Ireland: A History

Learn about the land behind St. Patty's Day!

Thorin
Created By Thorin
On Mar 16, 2017


From pre-history to the modern day, let's take a look back in time into Irish history... (Before the drinking starts...well, maybe not )


During the last Ice Age, most of Ireland was covered by glacial ice for most of that era. During this time, Ireland was connected to Britain and thus continental Europe by land due to the lower sea levels. Around 10,500 BCE the very first evidence of humans on Ireland pops up in the form of a tool made of bear bone. Around 4500 BCE is when we start to see neolithic style settlements pop up in Ireland. About 3000 years later, at the start of the Iron Age, the Celtic languages and culture emerged in Ireland.

The earliest written accounts of Ireland come from Greco-Roman sources, with Ptolemy calling Ireland, "Little Britain" in his Almagest. He later changes this name to Iouernia, presumably after contact with indigenous people had been made. In 100 CE Ptolemy reported that sixteen tribes inhabited the whole of Ireland. Roman coins have also been found in Ireland dating to this period to the first century.


In 432 CE, Saint Patrick arrived in Ireland and became the apostle of the Irish. There are many legends associated with Saint Patrick. Such as the famed shamrock parable, where he compared the three-leaf shamrock to the holy trinity. In the 7th century, a High King of Ireland emerged, helping establish the idea of a national Irish identity.

In the 12th century, the Normans were already century-old rulers in England, and when Dermot Mac Murrough fled to Anjou in 1166, he asked King Henry II for assistance in reconquering his kingdom of Leinster. Henry made good on his promise and sent some 600 Anglo-Norman Knights. In 1172, he imposed a tithe with the support and of Pope Alexander III and became the Lord of Ireland. In the 1300s, the black death ravaged Europe, England, and Ireland causing Norman rule to decline.


In the mid 16th century, King Henry VIII reconquered the island and recreated the Kingdom of Ireland. English power over Ireland was consolidated during the conflicts of the 1600s, particularly Cromwell's conquest of the Island. The religious struggles of the same century also fractured Ireland, leading to a new Anglo-Irish ruling elite enriched by disenfranchising catholics and protestant dissenters.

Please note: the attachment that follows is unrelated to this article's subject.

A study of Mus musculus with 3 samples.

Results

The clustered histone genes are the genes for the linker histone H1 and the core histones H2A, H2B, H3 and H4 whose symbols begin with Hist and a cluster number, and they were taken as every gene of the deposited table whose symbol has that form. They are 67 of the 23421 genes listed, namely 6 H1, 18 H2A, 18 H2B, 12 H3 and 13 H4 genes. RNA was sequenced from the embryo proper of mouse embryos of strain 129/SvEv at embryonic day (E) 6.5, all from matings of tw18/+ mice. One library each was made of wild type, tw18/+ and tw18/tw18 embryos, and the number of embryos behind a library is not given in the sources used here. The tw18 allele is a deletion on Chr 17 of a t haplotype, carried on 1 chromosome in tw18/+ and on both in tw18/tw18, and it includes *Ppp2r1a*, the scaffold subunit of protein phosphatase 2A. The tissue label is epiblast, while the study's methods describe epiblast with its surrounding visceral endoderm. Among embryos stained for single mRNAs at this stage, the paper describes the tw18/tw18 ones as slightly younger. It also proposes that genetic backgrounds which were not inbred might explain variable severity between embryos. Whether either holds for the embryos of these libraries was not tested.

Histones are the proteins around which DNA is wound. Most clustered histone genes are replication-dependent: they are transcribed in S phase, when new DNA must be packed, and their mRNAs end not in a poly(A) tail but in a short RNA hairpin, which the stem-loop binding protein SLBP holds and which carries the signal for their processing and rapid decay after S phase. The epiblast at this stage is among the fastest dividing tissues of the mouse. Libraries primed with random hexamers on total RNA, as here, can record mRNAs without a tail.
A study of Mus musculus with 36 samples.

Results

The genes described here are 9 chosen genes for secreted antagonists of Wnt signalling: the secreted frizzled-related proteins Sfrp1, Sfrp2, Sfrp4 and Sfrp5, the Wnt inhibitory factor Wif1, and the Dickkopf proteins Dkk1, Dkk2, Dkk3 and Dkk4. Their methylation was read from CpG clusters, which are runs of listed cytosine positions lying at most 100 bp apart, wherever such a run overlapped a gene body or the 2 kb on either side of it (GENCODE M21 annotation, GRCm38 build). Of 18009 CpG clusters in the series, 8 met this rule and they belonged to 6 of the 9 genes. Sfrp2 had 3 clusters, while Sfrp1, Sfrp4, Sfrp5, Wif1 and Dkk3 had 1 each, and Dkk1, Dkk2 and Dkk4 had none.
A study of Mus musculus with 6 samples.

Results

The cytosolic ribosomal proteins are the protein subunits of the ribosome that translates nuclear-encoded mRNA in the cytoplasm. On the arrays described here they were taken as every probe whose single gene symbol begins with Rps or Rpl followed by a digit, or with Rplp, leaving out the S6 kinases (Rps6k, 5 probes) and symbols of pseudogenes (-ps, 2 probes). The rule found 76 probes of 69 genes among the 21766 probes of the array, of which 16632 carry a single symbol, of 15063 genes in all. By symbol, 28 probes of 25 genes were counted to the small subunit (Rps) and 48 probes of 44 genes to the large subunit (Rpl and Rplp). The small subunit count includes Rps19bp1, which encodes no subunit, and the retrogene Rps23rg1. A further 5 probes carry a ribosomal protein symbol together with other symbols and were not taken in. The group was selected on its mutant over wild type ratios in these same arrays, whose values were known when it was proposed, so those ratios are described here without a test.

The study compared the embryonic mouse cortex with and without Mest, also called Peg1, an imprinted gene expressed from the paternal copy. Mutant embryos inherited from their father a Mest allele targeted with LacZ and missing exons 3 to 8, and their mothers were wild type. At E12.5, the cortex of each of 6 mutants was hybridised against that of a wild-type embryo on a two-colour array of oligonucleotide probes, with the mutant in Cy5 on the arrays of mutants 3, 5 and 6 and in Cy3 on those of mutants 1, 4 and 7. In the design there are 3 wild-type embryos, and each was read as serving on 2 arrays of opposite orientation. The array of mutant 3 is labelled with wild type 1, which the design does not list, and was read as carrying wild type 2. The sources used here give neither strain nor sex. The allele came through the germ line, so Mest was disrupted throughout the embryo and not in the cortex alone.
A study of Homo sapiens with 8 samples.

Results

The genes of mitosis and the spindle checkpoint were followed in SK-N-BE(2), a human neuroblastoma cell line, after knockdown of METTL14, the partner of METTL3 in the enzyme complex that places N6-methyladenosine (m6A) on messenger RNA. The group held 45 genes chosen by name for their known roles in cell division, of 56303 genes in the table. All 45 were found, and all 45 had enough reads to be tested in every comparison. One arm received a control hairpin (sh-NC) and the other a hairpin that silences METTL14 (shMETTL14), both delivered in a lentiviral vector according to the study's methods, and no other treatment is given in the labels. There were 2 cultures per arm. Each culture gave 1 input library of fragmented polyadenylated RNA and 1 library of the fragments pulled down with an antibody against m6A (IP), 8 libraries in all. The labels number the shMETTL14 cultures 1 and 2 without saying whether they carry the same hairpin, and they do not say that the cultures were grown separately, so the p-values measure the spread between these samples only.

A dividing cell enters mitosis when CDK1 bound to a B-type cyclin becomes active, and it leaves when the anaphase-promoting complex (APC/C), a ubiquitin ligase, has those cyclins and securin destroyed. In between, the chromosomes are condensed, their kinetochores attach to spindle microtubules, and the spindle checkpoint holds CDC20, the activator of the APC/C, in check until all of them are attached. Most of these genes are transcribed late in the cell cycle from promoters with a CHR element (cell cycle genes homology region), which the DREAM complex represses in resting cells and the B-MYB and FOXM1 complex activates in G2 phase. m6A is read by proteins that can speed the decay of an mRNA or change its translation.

In 1798, these subjugated groups rebelled with the aid of the French in an attempt to create an independent Irish republic, but to no avail. The rebellion was put down by the British and in 1801, the Acts of Union was passed in the English parliament, merging the Kingdom of Ireland and the Kingdom of Great Britain into the United Kingdom of Great Britain and Ireland. 40 years later, the Great Famine would take a third of all Irish lives and cause massive immigration out of Ireland, particularly to North America.

Irish nationalism blossomed in the 19th century. This started to come to a head in 1914 when a controversial Home Rule Bill was put on hold due to the outbreak of the Great War. The Easter Rising of 1916 coupled with ongoing war caused the national mood to top towards independence. In 1919, the Republic of Ireland was proclaimed, prompting a three-year war. The Anglo-Irish treaty was signed in 1921 with the six counties of Ulster deciding to remain part of the United Kingdom.


Today there are calls to fully unite the whole of Ireland under one government, but the same old disputes come up between the Irish Republic and Northern Ireland. As both the UK (for now) and Ireland are part of the European Union, there is open borders for people, goods, and capital. Recently, "all-island" institutions have been created in order to serve the island as a whole when necessary.

There, now you can go drink your face off. With all this knowledge, you'll surely be the one being kissed by an Irish man or woman this St. Paddy's Day!